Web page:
September 12, 2011, 12:04 am
Filed under: Weekly Posts | Tags: , , , ,

Tattooing is a very old practice dating back several centuries. It was – and still is – an important ritual in many Polynesian islands, where tattoos represented pride, power and prestige among villagers. It is thought that Europeans sailors learned the art of tattooing from indigenes, like the Māori tribe of New Zealand, while doing their discovery voyages through the Pacific Ocean; although it is also believed that tattooing was an East Europe practice for a long time.

Tattoo techniques have changed during the course of Modern history. At first, tattoos were done with wood needles, made of sharp roots or wood sticks, which went through and off the skin quickly, leaving the ink in the dermis. Most tattoos were simple dots and lines that meant nothing. The completed tattoo took several painful sessions which were distributed throughout months! The meaning of the tattoo was not the tattoo itself, but more the endurance of it. Over time, the practice was reformed and sets of safe, more sanitary needles were implemented. Tattoos gained mainstream popularity when celebrities began to wear them. Today, tattoos are done rapidly, taking one or two sessions to complete. The process is strictly regulated by law and tattoo artists have to abide by it. The complexity of tattoos has also increased and more detail can be fit into a smaller area of skin.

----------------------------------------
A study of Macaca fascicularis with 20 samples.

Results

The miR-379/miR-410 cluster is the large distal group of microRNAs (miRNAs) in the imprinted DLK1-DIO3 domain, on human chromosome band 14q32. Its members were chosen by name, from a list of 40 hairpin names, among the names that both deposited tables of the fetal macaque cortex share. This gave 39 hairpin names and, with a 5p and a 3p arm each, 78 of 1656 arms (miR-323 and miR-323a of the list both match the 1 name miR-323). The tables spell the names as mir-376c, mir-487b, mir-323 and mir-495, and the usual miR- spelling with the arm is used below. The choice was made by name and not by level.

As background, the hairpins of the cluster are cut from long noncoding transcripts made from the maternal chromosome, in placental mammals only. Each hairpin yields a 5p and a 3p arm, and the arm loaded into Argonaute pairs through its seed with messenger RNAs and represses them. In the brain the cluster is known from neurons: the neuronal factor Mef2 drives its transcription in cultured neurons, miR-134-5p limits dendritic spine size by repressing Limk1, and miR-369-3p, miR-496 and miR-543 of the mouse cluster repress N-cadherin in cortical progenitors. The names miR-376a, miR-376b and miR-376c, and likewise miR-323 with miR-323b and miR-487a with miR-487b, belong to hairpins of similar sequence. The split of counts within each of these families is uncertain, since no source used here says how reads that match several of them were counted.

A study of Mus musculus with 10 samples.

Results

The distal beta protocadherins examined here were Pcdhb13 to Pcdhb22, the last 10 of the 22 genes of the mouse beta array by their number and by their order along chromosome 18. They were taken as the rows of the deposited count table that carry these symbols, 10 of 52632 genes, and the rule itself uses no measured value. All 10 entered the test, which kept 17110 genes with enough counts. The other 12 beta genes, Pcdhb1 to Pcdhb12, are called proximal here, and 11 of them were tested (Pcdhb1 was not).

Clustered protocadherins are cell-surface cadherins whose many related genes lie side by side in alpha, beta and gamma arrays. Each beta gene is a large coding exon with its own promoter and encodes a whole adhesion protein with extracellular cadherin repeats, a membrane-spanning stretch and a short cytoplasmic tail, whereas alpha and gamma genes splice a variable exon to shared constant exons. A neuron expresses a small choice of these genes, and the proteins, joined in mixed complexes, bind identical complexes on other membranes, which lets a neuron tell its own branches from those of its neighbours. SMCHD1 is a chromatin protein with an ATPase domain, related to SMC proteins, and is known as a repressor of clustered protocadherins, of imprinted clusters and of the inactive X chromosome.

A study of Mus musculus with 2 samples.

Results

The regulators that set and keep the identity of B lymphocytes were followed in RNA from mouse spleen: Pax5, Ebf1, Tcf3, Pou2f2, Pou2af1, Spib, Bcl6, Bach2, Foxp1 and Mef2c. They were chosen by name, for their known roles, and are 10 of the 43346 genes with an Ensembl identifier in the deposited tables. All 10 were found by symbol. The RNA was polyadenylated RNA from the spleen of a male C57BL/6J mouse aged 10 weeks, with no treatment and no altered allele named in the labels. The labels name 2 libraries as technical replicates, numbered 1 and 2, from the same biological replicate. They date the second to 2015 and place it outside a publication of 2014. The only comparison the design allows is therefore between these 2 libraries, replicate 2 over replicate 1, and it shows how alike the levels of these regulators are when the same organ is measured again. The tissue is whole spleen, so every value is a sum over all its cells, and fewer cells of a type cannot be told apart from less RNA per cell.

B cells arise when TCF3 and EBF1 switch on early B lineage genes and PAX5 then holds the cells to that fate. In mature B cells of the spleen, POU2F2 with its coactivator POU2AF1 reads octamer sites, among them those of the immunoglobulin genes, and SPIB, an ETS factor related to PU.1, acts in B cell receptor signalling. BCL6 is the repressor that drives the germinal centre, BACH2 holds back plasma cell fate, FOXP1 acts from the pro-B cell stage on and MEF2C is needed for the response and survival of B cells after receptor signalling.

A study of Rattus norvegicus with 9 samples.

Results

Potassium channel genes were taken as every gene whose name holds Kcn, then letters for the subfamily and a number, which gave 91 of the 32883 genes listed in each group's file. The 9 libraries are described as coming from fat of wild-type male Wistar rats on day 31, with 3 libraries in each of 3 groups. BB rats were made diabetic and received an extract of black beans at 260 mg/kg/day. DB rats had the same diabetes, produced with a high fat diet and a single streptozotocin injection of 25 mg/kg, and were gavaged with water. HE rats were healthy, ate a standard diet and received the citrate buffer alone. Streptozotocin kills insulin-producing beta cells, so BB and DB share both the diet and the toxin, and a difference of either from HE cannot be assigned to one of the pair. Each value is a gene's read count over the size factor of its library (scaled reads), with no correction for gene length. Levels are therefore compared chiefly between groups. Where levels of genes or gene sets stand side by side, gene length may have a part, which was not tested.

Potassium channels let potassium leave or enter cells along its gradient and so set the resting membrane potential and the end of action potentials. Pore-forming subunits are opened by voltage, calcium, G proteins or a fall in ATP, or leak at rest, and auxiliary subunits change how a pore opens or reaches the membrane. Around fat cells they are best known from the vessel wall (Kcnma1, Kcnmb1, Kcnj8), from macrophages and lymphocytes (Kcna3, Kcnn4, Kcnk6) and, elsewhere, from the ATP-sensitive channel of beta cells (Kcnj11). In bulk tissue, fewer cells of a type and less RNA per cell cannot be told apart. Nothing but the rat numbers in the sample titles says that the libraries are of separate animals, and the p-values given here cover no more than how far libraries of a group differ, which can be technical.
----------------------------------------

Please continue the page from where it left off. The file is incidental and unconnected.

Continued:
Tattoos carry strong symbolic meaning, which in turn is normally based on connotations. These connotations differ from one sector of society to another. They are seen as symbols of crime and death by the conservative sector of society and this is due to isolated events in which tattooed individuals were involved: crime organizations resorted to the use of tattoos to identify fellow members – like the Crips and the Bloods did in crime-polluted New York City – as well as ex-cons who wore tear tattoos where seen as tugs for their tattoos – which were generally believed to represent how many enemies they had killed or how many fellow friends they had lost in gang wars. However, not all tattoo connotations are considered wrong. Another sector of society, a more liberal one, accepts tattoos as pieces of art inscribed in the human skin.

Tattoos, the process of inking them, and their connotations have endured reforms and new practices over time. Whether they are a symbol of misconduct and unlawful behavior or an artistic depiction of our own reality, it is up to us to decide which tattoo we want to carry. If you have a tattoo, embrace it, feel good about yourself. If you don’t have tattoos, however, don’t judge people who do; instead, get to know them. If indeed the person that carries the tattoo also carries bad will, think of that person as an isolated incident, a seed that fell among thorns and didn’t make it to become a tree.